Sponsored by DuPont Crop Protection
Insect P450 paradox: Too simple as targets, too complicated as detoxifiers?
Dr. René Feyereisen is the recipient of the 2013 ACS International Award for Research in Agrochemicals. Dr. Feyereisen was born and grew up in The Hague. He received his Ph.D. degree from Louis Pasteur University in Strasbourg, France in 1979. After postdoctoral fellowships at the Agricultural Research Council at the University of Sussex and in the Department of Zoology at the University of Toronto, he served on the faculty of the Departments of Entomology and Agricultural Chemistry at Oregon State University (1981-1991) as the insect toxicologist. He moved to the University of Arizona as Professor of Entomology (1991-2000) and then joined the National Institute of Agronomical Research (INRA) at the Sophia Antipolis Research Center in France, where he is currently Director of Research.
Dr. Feyereisen’s early studies, initiated over 30 years ago, described the roles of cytochrome P450 enzymes in the biosynthesis of ecdysteroids and juvenile hormones (JH). His efforts began with the biochemical characterization of the enzymes, continued through the use of powerful inhibitors of JH biosynthesis and led to the molecular cloning and reconstitution of CYP15, the JH epoxidase. Feyereisen’s lab has also made major contributions to our understanding of factors underlying the physiological regulation of juvenile hormone titers through the discovery of allatostatins as “brain-gut” peptides, neuromodulators of juvenile hormone synthesis. His studies of the metabolism of hormones regulating insect development and metamorphosis have greatly enhanced our fundamental knowledge of these systems, calling attention to these insectspecific target sites.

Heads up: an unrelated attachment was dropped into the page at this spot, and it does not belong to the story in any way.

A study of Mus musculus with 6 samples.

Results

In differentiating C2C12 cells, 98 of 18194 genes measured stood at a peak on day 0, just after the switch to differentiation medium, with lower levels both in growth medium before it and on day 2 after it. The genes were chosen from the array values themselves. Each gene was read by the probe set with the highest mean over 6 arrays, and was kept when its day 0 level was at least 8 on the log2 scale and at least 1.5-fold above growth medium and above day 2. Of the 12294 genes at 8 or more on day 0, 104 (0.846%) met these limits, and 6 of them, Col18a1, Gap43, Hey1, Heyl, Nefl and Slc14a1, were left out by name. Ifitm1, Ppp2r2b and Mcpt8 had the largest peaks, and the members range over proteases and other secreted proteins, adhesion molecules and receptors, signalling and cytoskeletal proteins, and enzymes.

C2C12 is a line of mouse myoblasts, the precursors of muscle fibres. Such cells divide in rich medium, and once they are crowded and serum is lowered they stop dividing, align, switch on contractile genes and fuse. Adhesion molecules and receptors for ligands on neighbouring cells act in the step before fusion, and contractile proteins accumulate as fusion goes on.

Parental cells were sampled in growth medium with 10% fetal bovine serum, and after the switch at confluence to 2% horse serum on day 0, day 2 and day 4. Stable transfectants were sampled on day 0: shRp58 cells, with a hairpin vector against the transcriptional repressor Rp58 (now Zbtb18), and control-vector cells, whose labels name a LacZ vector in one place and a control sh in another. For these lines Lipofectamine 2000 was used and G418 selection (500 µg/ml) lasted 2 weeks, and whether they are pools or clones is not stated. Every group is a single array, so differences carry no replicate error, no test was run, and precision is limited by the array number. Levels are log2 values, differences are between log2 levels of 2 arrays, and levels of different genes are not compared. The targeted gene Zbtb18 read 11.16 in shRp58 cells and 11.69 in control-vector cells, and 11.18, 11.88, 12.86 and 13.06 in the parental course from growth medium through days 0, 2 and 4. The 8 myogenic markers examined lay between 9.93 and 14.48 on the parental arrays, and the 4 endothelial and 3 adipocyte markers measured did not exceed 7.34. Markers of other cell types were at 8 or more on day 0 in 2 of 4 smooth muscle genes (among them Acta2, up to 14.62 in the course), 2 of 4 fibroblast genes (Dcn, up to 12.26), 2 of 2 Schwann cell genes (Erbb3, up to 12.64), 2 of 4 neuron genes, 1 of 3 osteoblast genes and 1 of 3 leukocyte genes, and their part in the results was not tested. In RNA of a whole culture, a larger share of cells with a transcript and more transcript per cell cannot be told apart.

In addition, Dr. Feyereisen is perhaps best well known for hisgroundbreaking research on the role of cytochrome P450 enzymes in insecticide detoxification and resistance. In the late 1980s, his lab was among the first to apply molecular technologies toward the study of enzymes involved in insecticide metabolism and was the first to clone an insect P450 enzyme and the first to succeed in the heterologous expression and reconstitution of the various components of the insect microsomal cytochrome P450 complex, NADPH cytochrome P450 reductase, cytochrome b5 and various P450s. The reconstituted system of purified enzymes provided clean biochemical evidence for the wide substrate specificity of a major house fly P450, CYP6A1, which was shown to be responsible for metabolism of (and resistance to) many insecticides.
Dr. Feyereisen has continued to pioneer the application of molecular genetic technologies in research that is of key importance to agrochemical toxicologists, including DNA microarrays or detox chips. These efforts have yielded a more complete understanding of the regulatory mechanisms leading to the constitutive overexpression of insecticide-metabolizing enzymes in resistant arthropods. Feyereisen’s work has increased our understanding of the evolution of the P450 gene family and these studies are especially relevant today, in an era when metabolic resistance has become a major impediment to the design and prolonged field use of pesticides.
In addition to his research, Dr. Feyereisen has written a number of influential reviews on JH biosynthesis, insecticide resistance, and on cytochrome P450 enzymes. He is currently co-editor of Insect Biochemistry and Molecular Biology, and has previously served on the editorial boards of Pesticide Biochemistry and Physiology, Archives of Insect Biochemistry and Physiology and on the Editorial Committee of Annual Review of Entomology. He co-chaired the 1997 Gordon Conference on Agricultural Science and served on the organizing committees of the IUPAC International Congresses of Pesticide Chemistry.